There is no mystery to be solved about Ray Rice, the Baltimore Ravens running back and spark plug to their offense. But there is something puzzling about the Ravens' offense in general.
They have averaged 36.8 points per game in five home games after putting up 55 points on the Oakland Raiders last Sunday. But, in four road games, the offense sputters and stalls, averaging only 17.5 points away from M&T Bank Stadium.
Case in point: The offense struggled in back-to-back road games against the Houston Texans and Cleveland Browns, scoring only 13 points. Then the Ravens came back home and scored the most points in franchise history and the most by an NFL team this season against the Raiders.
"If we scored 55, you would have thought I had 300 yards rushing," Rice said after the game.
But he didn't. Rice had just 13 carries for 35 yards on a day when quarterback Joe Flacco passed for 341 yards and three touchdowns and didn't even play in the fourth quarter.
That is a departure for the Ravens, who are trying to find more ways to utilize their offense and not have everything run through Rice.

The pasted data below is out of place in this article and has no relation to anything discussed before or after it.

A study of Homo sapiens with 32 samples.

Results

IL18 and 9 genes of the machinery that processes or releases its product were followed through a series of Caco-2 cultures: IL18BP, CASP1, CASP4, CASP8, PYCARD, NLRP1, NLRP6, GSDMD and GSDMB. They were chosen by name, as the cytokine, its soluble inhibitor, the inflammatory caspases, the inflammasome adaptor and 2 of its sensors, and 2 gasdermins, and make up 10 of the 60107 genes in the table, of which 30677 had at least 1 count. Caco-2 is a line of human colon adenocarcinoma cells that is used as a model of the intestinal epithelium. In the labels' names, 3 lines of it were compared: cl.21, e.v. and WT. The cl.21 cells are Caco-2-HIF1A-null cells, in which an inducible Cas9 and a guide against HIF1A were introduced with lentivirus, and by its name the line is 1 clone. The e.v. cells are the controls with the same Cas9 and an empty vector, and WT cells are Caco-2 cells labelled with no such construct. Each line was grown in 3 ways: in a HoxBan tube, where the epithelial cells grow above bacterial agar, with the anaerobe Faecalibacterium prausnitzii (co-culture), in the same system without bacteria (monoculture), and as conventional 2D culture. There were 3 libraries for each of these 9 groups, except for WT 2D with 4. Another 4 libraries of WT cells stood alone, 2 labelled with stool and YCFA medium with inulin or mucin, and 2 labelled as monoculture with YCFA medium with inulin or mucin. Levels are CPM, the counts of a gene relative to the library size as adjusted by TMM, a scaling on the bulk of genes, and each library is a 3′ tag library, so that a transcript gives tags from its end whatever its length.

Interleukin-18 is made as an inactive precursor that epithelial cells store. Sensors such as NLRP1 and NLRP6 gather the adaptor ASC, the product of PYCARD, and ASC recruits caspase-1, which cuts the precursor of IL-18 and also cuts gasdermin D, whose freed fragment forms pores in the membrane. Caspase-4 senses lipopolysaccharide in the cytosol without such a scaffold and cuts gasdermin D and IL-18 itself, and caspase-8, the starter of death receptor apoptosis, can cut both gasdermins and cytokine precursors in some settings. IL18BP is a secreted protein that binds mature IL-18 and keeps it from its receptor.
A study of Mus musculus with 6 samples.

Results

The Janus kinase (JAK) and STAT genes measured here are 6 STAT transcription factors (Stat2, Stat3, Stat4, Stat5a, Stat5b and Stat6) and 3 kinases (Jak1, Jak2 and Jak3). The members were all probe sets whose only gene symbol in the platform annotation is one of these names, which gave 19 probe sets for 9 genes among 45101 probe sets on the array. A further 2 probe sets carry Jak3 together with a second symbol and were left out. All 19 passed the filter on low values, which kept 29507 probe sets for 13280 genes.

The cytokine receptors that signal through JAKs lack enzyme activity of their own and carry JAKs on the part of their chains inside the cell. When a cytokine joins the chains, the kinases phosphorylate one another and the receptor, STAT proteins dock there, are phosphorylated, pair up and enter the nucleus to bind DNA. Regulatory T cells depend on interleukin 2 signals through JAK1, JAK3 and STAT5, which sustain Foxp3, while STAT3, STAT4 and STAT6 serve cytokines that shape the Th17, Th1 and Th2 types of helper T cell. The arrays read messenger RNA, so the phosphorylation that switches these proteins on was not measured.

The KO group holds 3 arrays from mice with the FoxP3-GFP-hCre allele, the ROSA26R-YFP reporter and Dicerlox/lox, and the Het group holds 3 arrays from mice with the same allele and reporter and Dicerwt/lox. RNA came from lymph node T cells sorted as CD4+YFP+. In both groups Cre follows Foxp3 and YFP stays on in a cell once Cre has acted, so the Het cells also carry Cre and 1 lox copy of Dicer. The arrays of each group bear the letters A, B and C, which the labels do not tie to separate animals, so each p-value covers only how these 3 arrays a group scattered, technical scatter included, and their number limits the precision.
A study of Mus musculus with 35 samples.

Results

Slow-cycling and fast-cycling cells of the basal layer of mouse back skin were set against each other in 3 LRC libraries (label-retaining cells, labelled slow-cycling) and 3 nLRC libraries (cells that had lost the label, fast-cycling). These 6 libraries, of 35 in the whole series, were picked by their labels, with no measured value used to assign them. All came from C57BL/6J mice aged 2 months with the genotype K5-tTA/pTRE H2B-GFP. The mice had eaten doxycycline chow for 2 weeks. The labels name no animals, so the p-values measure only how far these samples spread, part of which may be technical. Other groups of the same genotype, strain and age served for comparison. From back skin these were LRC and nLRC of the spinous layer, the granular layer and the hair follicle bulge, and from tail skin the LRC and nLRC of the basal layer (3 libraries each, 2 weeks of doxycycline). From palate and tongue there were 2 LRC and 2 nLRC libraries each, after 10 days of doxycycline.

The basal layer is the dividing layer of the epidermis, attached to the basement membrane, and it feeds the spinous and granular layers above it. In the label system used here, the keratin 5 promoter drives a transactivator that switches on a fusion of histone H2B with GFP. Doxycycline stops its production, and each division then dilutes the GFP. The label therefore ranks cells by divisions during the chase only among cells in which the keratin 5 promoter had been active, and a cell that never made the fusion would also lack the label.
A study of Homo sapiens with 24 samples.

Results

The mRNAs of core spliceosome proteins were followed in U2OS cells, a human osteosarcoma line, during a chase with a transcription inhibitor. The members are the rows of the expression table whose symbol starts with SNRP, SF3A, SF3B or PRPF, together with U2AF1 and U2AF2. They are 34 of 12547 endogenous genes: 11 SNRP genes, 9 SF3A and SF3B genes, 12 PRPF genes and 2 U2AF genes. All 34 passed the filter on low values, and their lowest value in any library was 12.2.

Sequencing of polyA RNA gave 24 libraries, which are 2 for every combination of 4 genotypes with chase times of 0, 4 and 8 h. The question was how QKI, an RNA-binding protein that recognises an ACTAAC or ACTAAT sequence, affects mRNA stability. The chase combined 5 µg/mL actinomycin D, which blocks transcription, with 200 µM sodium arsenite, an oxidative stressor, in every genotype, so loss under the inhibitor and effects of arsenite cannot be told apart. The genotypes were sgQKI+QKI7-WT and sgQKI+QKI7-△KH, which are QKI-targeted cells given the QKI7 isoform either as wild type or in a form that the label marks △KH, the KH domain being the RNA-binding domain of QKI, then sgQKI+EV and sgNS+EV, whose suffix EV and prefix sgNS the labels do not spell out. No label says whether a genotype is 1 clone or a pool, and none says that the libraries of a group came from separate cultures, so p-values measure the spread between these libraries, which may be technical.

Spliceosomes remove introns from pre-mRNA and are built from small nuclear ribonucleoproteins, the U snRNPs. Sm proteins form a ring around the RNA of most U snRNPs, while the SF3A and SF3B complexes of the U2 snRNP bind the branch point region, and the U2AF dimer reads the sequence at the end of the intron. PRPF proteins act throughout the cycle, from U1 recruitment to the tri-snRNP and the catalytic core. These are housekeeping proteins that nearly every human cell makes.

"They got some good players who can get it going, but Rice is the lead guy," said cornerback Keenan Lewis, who is fourth on the team with 36 tackles. "They start with the run to set up the pass. When you got a back like that, it's good to do that. We know that, they know we know that, so they're going to stick with what they do."
Rice is one of the best all-purpose players in the league, not to mention being more difficult to tackle than a fire hydrant. And he runs behind two-time Pro Bowl fullback Vonta Leach, who was the lead blocker when Houston's Arian Foster led the league in rushing in 2010.
Rice is sixth in the AFC with 657 yards rushing and second with seven touchdowns. But he also is third on the team with 35 catches for 284 yards, boosting his career yards from scrimmage total to 7,553. Rice has 36 career touchdowns and needs six more to move into second place on the team's all-time list, behind Jamal Lewis (47).
The Steelers will need another big game from inside linebacker Lawrence Timmons, the hero of Monday night's victory against the Kansas City Chiefs because of his interception two plays into overtime that set up the winning field goal. It was a fitting end to a performance in which Timmons had seven tackles, one quarterback hurry and two passes defensed.
"Those short-in-stature guys are definitely tougher to tackle because he runs with power like a big back, but he has a low center of gravity so he's always moving forward," said safety Will Allen, who will start his sixth game in a row for injured Troy Polamalu. "You got to figure out ways to get him down. There is no high [area]. You got to hit him mid -- in the waist or lower. Wrap him up and get him down. That's what we have to do. We got to do it to win this game."Steelers
Gerry Dulac: email@example.com; twitter: @gerrydulac.